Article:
Intrarenal Dopamine and Blood Pressure Regulation
Previous studies have suggested that dopamine, in addition to regulating of mood, impulse, and motor function, works inside the kidney to modulate renal function, the renin-angiotensin system, and blood pressure. A study published in July 2011 in the Journal of Clinical Investigation attempts to elucidate the connection between intrarenal dopamine and blood pressure.
Dopamine is produced in the proximal tubule of the kidney via a conversion involving aromatic amino acid decarboxylase (AADC). Researchers engineered knockout mice without the AADC enzyme that were unable to produce kidney-specific dopamine. Other physiologic sources of dopamine remained intact.
Results showed that the mice lacking intrarenal dopamine had significantly elevated mean arterial blood pressure (MAP) at 3 months of age compared with the control group (124 mm Hg and 105 mm Hg, respectively). When fed a high-salt diet, increase in MAP was greater in the knockout mice ( 16 mm Hg) than in the control mice ( 1 mm Hg). The knockout mice also had higher renin expression, a more marked increase in MAP when exposed to exogenous angiotensin II, accelerated damage to their kidneys and vasculature, and a shortened lifespan (15 months, vs 30 months in the control group).
The study’s findings suggest that some people predisposed to hypertension may have differences in their kidneys’ dopamine system that could lead to fluid retention and an increase in blood pressure. They may also be more sensitive to increases in salt intake and benefit more readily from dietary interventions. Drug therapies that modulate and enhance this system may offer novel targets for the treatment of hypertension and kidney disease.
Dietary Proteins Show Promise for Hypertension
A small study indicates there may be a positive link between an increase in dietary protein and lower blood pressure.
The randomized, controlled trial, published online before print July 18, 2001, in Circulation, examined 352 adults with either prehypertension or stage 1 hypertension. Those taking antihypertensive medications were excluded from the trial. The groups were given, in random order, 3 alternating 8-week regimens of powdered supplement packets containing either soy protein (40 g protein), milk protein (40 g protein), or a control containing a complex carbohydrate (0 grams protein), with a 3-week washout period in between each change. Their blood pressure was measured at the beginning and end of each 8-week period to see the individual effects of each dietary change.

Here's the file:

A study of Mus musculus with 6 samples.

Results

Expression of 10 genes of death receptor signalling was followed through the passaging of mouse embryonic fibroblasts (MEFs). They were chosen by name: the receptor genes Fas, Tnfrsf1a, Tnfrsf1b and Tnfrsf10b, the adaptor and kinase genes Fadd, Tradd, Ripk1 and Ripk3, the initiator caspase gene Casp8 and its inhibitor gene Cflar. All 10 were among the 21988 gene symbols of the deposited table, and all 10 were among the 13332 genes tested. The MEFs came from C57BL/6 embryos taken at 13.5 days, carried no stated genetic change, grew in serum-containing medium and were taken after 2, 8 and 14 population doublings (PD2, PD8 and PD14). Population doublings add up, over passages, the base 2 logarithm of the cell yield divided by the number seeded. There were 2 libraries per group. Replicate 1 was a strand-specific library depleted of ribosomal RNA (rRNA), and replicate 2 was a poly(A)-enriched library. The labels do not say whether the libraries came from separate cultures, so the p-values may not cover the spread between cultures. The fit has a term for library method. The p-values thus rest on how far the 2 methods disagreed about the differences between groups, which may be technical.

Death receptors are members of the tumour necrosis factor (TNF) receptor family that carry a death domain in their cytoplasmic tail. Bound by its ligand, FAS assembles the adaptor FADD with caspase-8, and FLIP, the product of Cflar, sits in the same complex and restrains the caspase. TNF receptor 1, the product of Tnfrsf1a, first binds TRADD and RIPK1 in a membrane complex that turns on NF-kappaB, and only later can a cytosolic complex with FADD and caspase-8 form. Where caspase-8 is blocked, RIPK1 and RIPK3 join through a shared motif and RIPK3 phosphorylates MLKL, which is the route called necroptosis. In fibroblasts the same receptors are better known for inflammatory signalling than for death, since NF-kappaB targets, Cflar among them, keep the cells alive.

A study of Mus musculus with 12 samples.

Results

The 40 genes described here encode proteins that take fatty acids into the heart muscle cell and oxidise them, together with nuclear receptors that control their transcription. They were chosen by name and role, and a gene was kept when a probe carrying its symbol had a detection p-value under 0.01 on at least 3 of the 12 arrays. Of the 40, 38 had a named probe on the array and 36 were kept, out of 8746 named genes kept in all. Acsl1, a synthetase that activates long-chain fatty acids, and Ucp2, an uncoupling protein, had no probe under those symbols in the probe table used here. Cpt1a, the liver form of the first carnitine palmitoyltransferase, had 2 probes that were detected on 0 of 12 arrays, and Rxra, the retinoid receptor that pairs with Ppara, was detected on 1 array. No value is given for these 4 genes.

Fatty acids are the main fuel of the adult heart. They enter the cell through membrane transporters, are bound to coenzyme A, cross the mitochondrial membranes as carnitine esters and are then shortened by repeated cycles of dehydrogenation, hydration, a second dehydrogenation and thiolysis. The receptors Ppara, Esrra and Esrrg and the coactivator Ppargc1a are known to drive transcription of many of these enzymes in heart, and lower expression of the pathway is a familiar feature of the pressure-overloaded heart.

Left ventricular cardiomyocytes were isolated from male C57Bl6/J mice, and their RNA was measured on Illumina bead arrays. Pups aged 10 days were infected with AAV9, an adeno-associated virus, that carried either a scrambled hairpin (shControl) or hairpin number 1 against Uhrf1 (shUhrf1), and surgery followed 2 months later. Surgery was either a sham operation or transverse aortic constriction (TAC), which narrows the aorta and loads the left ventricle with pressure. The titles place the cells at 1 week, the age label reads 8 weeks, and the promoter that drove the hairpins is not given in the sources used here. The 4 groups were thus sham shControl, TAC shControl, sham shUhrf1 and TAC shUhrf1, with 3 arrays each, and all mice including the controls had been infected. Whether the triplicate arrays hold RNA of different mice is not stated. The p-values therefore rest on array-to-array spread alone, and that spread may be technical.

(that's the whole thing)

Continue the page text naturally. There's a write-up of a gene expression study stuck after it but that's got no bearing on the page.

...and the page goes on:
During the periods in which they took the high-protein supplements, subjects exhibited statistically significant reductions in their systolic blood pressure compared with that of the carbohydrate supplementation. There was no significant change in diastolic blood pressure. Low-fat dairy has been suggested as a beneficial addition to diet to lower blood pressure, but its benefits were previously attributed to its calcium and potassium content. Because calcium and potassium were kept constant between the 3 supplements, these findings imply that the protein may be the key to the more favorable blood pressure readings.
Discrepancies Reported Between Hypertension Studies in Young Adults
A recent comparison of 2 studies focused on hypertension found significant differences in the incidence of the condition in young adults. An accurate determination of the prevalence of hypertension is of great interest, as hypertension is a known risk factor for coronary heart disease (CHD), the leading cause of mortality in the United States. Two surveys, the 2007-2008 National Longitudinal Study of Adolescent Health, Wave IV (Add Health) and the 2008 National Health and Nutritional Examination Survey (NHANES), were compared in a July 2011 article in the journal Epidemiology.
Independently, both studies recorded whether subjects had been previously diagnosed with hypertension by a health care professional (excluding diagnoses during pregnancy). Certified examiners then obtained multiple blood pressure readings from each participant.
The researchers comparing these 2 trials used data from 14,252 Add Health participants and 733 NHANES participants, who were between the ages of 24 and 32 years. They found that while a self-reported history of hypertension was similar between the 2 studies (11% for Add Health vs 9% for NHANES), the actual prevalence of hypertension varied greatly (19% for Add Health, 4% for NHANES). This discrepancy may indicate that young adults are largely uninformed about their blood pressure status, increasing the need for education and screening.
The significant differences unearthed in this comparison trial illustrate a need for more detailed and controlled surveys to determine accurate prevalence statistics of hypertension in young adults. Because hypertension is a modifiable risk, proper education and timely intervention may prevent CHD progression and other complications.